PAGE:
The once-$50M case against the CBC is in fact $55 million now. It could be that this was to avoid the otherwise apt references to a certain pulp fiction trilogy, and not founded in any real law.

The Story so Far:

Howard Levitt, a labour and employment lawyer based out of Toronto wrote a great piece for the National Post on issues in employment law. His article contextualizes the employment/labour law aspects of the Jian Ghomeshi firing this week. The Globe was quick to review the legal aspect of the claim too, with a good report by Simon Houpt and Jeff Gray. 

Labour versus Employment Law:

As Houpt and Gray write in the Globe, an employee cannot both sue for wrongful dismissal and file a grievance through their union. But to clear that line up a bit, it's our opinion that a union member is actually unable to make the choice at all. A union member must go through the grievence procedure as outlined by their collective agreement. They cannot sue in Court for wrongful termination or constructive dismissal. As Levitt pointed out at the Post, the unionized employee cannot sue their employer for anything flowing from the employee/employer relationship.

Collective Agreement

I've been able to track a copy of what may be the Collective Agreement between CBC and the group Ghomeshi belongs to. I've attached it as a pdf below:

A quick note on the pdfs: I am constrained by the limits of blogger & my knowledge of available widgets, so to read these pdfs, you'll find it easiest to minimize the thumbnails on the left. I'm sorry about the need to scroll horizontally.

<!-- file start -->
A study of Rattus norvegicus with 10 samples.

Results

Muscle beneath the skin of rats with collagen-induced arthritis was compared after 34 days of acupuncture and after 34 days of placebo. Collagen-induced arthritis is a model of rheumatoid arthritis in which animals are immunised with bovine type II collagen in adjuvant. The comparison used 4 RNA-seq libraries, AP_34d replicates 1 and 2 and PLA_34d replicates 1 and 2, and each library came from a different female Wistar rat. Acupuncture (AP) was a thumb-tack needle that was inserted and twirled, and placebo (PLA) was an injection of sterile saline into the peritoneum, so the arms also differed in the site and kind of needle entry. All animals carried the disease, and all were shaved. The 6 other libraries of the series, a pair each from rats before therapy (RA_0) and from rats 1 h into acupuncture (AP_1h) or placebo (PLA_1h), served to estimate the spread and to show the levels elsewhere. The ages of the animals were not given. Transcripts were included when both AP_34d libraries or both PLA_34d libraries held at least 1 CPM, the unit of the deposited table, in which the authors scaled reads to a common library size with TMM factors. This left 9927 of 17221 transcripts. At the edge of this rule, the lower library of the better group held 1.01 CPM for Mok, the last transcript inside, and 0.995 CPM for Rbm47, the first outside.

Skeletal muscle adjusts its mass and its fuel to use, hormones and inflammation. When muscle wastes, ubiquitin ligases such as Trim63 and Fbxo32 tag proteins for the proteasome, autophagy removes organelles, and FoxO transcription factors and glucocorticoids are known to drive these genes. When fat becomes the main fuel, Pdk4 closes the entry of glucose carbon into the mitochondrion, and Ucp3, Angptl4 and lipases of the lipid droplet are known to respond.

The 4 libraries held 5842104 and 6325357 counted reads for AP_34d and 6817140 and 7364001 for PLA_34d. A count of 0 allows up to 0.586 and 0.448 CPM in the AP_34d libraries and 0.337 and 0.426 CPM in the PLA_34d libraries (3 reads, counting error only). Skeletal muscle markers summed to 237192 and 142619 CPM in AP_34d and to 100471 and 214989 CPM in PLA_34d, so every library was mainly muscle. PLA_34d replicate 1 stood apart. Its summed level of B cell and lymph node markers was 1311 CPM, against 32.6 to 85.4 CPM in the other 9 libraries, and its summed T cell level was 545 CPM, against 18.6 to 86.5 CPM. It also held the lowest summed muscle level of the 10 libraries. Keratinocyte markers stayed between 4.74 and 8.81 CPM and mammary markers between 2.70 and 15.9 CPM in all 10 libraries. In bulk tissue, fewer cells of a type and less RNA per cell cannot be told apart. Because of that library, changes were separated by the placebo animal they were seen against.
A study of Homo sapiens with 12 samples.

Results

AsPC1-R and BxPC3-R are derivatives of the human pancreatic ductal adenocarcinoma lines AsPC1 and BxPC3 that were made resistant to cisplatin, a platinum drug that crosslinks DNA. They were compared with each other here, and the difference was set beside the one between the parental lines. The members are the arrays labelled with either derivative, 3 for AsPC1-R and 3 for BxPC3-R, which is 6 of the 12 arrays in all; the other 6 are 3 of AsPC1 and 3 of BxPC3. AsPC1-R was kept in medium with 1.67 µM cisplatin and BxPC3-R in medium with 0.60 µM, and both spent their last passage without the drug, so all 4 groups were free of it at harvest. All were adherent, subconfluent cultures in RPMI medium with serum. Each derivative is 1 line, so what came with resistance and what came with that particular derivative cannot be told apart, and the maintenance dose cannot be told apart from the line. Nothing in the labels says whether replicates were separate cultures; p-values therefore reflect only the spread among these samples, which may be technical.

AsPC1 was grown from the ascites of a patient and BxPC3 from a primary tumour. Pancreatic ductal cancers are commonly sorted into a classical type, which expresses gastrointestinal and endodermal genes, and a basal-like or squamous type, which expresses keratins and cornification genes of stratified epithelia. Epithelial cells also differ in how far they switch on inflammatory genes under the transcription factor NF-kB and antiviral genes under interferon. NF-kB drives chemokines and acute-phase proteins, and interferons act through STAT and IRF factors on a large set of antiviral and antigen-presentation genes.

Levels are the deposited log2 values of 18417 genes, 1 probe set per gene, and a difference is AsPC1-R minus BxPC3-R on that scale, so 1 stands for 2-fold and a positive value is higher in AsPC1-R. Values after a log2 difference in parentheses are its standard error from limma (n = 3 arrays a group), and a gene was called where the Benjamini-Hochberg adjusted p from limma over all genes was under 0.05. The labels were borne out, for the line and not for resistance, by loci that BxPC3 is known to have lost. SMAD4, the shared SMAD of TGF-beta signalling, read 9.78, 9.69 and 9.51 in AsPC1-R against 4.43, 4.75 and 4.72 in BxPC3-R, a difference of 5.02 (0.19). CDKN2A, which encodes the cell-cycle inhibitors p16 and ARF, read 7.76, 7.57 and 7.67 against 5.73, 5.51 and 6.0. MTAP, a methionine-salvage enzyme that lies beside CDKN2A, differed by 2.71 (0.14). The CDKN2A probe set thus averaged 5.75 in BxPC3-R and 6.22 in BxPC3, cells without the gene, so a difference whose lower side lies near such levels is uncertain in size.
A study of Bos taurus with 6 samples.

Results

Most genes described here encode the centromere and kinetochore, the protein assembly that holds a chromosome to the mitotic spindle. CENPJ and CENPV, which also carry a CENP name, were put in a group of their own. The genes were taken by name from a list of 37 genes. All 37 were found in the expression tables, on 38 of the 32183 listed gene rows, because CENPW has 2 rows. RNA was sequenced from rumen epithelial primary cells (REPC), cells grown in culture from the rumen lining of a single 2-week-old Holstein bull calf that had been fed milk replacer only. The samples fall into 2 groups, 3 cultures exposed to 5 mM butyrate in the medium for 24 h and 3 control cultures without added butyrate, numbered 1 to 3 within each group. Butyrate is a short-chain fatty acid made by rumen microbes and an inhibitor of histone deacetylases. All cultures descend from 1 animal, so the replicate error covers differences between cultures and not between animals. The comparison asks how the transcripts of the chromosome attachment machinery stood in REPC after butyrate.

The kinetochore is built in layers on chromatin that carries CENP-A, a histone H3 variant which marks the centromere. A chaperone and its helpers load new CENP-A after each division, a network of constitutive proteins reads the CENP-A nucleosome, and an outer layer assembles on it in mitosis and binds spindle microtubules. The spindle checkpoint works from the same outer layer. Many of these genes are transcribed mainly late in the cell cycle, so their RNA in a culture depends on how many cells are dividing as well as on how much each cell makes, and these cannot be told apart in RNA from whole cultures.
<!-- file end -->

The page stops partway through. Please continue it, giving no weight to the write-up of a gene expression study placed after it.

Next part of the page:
I also have a copy of the Statement of Claim filed in the Ontario Superior Court. You can read it here, or download it if you prefer:

In terms of the breach of confidence claims, which should still follow from the employment relationship it seems odd that Ghomeshi would want to then go ahead and get quite personal about it all on Facebook. I think the name for that move in show business/public relations is called the Letterman. If you want to give the post a read,it's here.

What I'm not sure about, is where the law intersects between defamation and unionized employees. No one so far has really written on that aspect, but by tomorrow I'm sure we'll have something more on that.

The take away here, is that a unionized employee will be bound to the collective agreement and the grievance process that is laid out in that agreement. That means that a union member cannot sue in civil court. They are bound by the agreement, and therefore don't have access to things like the remedies available in the court for wrongful termination or constructive dismissal. The grievance process and representation by a union is their remedy.

Remember, everyone's situation is unique. The blogs posted on this site are informational. They are not intended to be taken as legal advice for your situation. It is always a good idea to seek professional legal advice before making any decisions related to your particular case.